Lloyd The Dog

In sunshine or in shadow

Tuesday, September 18, 2007

In sunshine or in shadow

Lloyd lounges (above) and keeps watch in sunshine and shadow (below)

For years, particularly my Boston years, I felt at best, nothing, and at worst, disdain, for my Irish roots. Self-righteous bigots who advocated violence that would never touch their lives, did nothing to make me want to march in the St. Patrick's Day Parade. Then again, piggish imperialists, who had rotted an empire into permanent midnight clearly had no business continuing to occupy and oppress a land that should have long ago become a neighbor free of its military presence. The "troubles" troubled me but I saw no answer to them in the polarized solutions offered by the ancient enemies. I just knew that a lot of innocents were caught up in them and it broke my heart.

Eventually I spent much more time in New York City and met a different band of Irish people -- mostly at Rocky Sullivan's. Those that stood with the IRA had in many cases done so in Ireland as well. They articulated their case with passion and clarity and I almost always respected them. They were not impatient with my questions and they were also hip to the struggles of other oppressed people throughout the world. They were prejudiced towards British authority but they were not bigots. They loved literature, music and politics, had wonderful senses of humor and gapingly wide open hearts. They took me in and reawakened the Irishman within me.

I had always felt it enough of a burden to be an American and so I had spent thirty or so years unconcerned with my ancestors' place of birth. But because of my Irish friends at Rocky's and around New York I was soon surprised to feel the stirring of my Celtic soul. In retrospect. I've no idea how I could have been so dead to it.

I'm pretty damned Irish. I've little use for authority of any sort and out and out despise the unjust varieties. I've even more disdain for those who collaborate with the man to gain perceived advantage. I love language and particularly how it can be used to charm and persuade. I'm stubborn, headstrong and obstinate. I do not fear honest work-- in fact I enjoy it. I feel a greta bond with nature. I'm quick to help those in need. I'm noted for my sense of humor. I have legions of friends. I'm hopelessly romantic. I've often intended to leave the pub long before last call but have rarely succeeded in realizing that goal. Most of all I'm sentimental and that is the greatest blessing and curse of being Irish.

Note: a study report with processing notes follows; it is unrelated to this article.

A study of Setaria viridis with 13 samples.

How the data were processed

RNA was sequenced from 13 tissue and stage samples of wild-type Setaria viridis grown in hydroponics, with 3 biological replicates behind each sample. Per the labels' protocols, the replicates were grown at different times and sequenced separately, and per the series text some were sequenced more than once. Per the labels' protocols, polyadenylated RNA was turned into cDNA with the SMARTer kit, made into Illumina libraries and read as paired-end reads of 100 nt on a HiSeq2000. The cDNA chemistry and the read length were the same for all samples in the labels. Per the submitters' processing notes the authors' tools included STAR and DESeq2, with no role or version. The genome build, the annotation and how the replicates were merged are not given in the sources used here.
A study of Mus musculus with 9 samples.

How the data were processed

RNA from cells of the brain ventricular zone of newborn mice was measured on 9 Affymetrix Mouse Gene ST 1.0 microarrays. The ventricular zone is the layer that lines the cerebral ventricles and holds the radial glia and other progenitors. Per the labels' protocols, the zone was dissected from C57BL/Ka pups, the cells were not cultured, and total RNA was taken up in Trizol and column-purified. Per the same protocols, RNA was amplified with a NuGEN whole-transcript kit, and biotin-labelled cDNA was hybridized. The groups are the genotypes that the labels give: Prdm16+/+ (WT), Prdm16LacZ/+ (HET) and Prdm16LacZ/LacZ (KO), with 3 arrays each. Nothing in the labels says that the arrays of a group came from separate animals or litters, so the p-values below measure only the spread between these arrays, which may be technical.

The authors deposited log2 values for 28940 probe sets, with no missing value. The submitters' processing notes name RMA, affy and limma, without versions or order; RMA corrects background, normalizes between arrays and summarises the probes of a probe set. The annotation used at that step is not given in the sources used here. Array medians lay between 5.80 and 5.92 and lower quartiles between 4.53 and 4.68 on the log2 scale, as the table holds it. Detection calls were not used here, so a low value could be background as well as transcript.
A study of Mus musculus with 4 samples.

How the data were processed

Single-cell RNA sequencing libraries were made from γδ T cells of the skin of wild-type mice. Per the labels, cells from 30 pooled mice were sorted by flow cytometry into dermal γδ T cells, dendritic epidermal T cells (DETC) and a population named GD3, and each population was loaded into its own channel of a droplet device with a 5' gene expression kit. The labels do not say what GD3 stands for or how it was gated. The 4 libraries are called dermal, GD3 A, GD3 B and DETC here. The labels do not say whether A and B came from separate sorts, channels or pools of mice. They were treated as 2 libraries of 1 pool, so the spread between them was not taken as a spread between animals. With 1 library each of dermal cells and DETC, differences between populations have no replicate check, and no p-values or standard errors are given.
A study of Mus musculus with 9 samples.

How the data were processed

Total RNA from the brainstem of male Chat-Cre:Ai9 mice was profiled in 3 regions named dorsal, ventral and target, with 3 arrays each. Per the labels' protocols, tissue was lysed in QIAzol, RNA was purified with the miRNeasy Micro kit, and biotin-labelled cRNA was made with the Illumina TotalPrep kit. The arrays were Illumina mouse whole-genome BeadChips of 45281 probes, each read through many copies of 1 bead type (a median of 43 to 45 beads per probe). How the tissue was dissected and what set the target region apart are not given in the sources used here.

Sentiment has ruled me for the past several weeks. Ever since Lloyd got sick and then died, I've been living in a deep and private place in my soul. You see, there is also a stoicism that is very Irish. It's tougher than the stoicism of other sorts because it is acted out while never denying a single emotion. Don't get me wrong, I've sobbed so many tears over Lloyd that at times I've reached dehydration. When I've had to talk to people who are dear to me about Lloyd, I've lost my composure. But mostly I have kept myself together because while Lloyd was alive, I didn't want to flummox his chances by dragging his spirits down. After he died, I didn't want to risk whatever happens next (if anything) by creating an earthly anchor of grief.

I can't imagine a deeper pain than what I've felt recently. This is largely because when humans get sick, they know the score. If people are taken suddenly, they're aware that that can happen, too. Dogs are innocent of knowledge of mortal consequences. Lloyd relied on me, trusted me and was in the prime of life when the vicious and heartless cancer struck. There were times when he looked at me like he expected me to straighten things out and I couldn't. He didn't hold it against me and that only made it harder. But even now, it isn't about my feeelings. It's about Lloyd. He didn't deserve to die. He was a wonderful friend who generously showed me love and life without any expectation of repayment for such a noble gift. So mostly I've felt profoundly sad for Lloyd. He got screwed. He had a beautiful life. He embodied joy and after nine years and two days, he was gone. In my estimation, it is tragic.

So tonight when I heard the sentimental "Danny Boy" (much more popular here than on the Old Sod, by the way) in a movie I was watching because I could not sleep, its references to seasonal changes and beloved terrain took me down hard. I looked up at the container holding my darling boy's ashes on the mantel over the fireplace in front of which he spent his winters and more tears came. I'm so sorry he is gone and that all of the fun we had is over. The love Karen and I have for him, and that he gave to us, remains. It will stay safe and sound in my sentimental Irish heart for as long as it beats.